Imagine for a moment you have been asked by your spouse to buy a yellow cake mix at the store. You walk down the aisle and you encounter ten variations on yellow cake. This is what you see: Lemon cake, pound cake, golden cake, gluten-free cake, yellow cake with chocolate swirls, cake with sprinkles--you get the idea.
Now imagine the same exact scenario – but this time you walk in the store and there are two choices for yellow cake, not ten. Which scenario do you think will end with you being happiest? You might think the first one. More choice is good, right? You can pick the yellow cake that matches your exact needs. But in reality, you would walk away from the second scenario much happier because there were only two choices. I had a 50% chance of picking the right one. (In the first scenario, you had only a 10% chance of making the right choice!)
Silly, right? But it’s how we are wired to think. Studies have shown that we are consistently happier with our choices and decisions when we had fewer options to choose from. We are pre-programed to avoid regret and fear of loss whenever possible.
So what does this have to do with niche events? Consider the exhibit hall and booth availability. You have 20 booths available and a customer on the line. Do you tell him about all 20 available spaces, or would it be better to tell him “We have booths 201, 204 and 207 available.” Your customer will be happier with option two. It makes the decision easier because there is less chance of picking the “wrong” booth. Note: When a prospect asks, “Are those the only three booths available?” tell the truth and say, “No, we have other options available, would you like to explore them?”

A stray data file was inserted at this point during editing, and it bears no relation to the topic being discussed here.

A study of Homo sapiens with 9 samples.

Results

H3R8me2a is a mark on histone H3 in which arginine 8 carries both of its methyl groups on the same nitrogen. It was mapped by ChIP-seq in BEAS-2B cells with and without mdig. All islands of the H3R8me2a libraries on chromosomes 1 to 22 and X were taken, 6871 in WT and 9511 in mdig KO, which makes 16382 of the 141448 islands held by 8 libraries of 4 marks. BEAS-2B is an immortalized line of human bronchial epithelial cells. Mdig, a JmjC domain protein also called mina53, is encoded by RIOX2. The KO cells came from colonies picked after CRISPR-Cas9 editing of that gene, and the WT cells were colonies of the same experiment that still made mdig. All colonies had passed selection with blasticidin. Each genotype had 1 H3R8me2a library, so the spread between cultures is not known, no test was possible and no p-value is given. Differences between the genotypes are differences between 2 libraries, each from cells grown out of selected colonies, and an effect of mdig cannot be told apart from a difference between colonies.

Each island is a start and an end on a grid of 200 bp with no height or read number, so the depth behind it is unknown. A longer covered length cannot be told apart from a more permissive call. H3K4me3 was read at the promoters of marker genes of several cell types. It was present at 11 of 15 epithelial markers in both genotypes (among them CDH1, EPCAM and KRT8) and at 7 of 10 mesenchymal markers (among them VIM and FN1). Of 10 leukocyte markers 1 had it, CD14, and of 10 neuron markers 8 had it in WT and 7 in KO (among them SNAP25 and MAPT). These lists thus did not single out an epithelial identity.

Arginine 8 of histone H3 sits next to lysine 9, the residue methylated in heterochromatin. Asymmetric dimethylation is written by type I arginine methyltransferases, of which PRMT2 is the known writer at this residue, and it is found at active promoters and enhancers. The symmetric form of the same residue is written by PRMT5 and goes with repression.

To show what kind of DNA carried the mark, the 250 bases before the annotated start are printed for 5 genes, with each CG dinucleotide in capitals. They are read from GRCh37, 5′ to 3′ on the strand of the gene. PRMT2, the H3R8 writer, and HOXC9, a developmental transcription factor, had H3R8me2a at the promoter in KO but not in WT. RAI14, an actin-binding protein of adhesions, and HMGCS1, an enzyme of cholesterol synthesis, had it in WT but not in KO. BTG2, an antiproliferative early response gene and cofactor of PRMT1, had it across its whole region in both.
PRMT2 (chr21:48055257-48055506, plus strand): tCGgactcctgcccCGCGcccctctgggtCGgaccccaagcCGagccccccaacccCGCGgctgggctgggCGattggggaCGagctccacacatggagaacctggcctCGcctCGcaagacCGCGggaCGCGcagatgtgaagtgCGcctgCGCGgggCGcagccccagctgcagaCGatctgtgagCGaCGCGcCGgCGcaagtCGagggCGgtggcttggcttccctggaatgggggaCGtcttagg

Also—and this is important, make sure to offer up the three best booths for that customer – avoiding their competition and placing them near cooperative companies. Don’t just pick three random booths. Every once in a while you get an exhibitor who really does want to know every possible booth location. If that’s the case, give them what they want. But understand that’s not what most people want.
The next time you have a hot prospect on the line, try offering fewer, carefully selected choices to them. They will end up happier with their selection – and a happier customer is always good business.
PS: If you are interested in more of these tips, pick up a copy of Dr. Susan Weinschenk’s How to Get People to Do Stuff. It’s loaded with tips like these. (You will find the basis of this one in “Strategy 136” – which sounds like a CIA operation from the Cold War.)
Carl Landau has created numerous successful events. He now owns the event company Niche Media, which has created super niched-out events specifically for magazine publishers for over 12 years. Niche Media has helped pave the way for the era of boutique events that connect specific audiences and provide great educational, friendly and super-fun environments!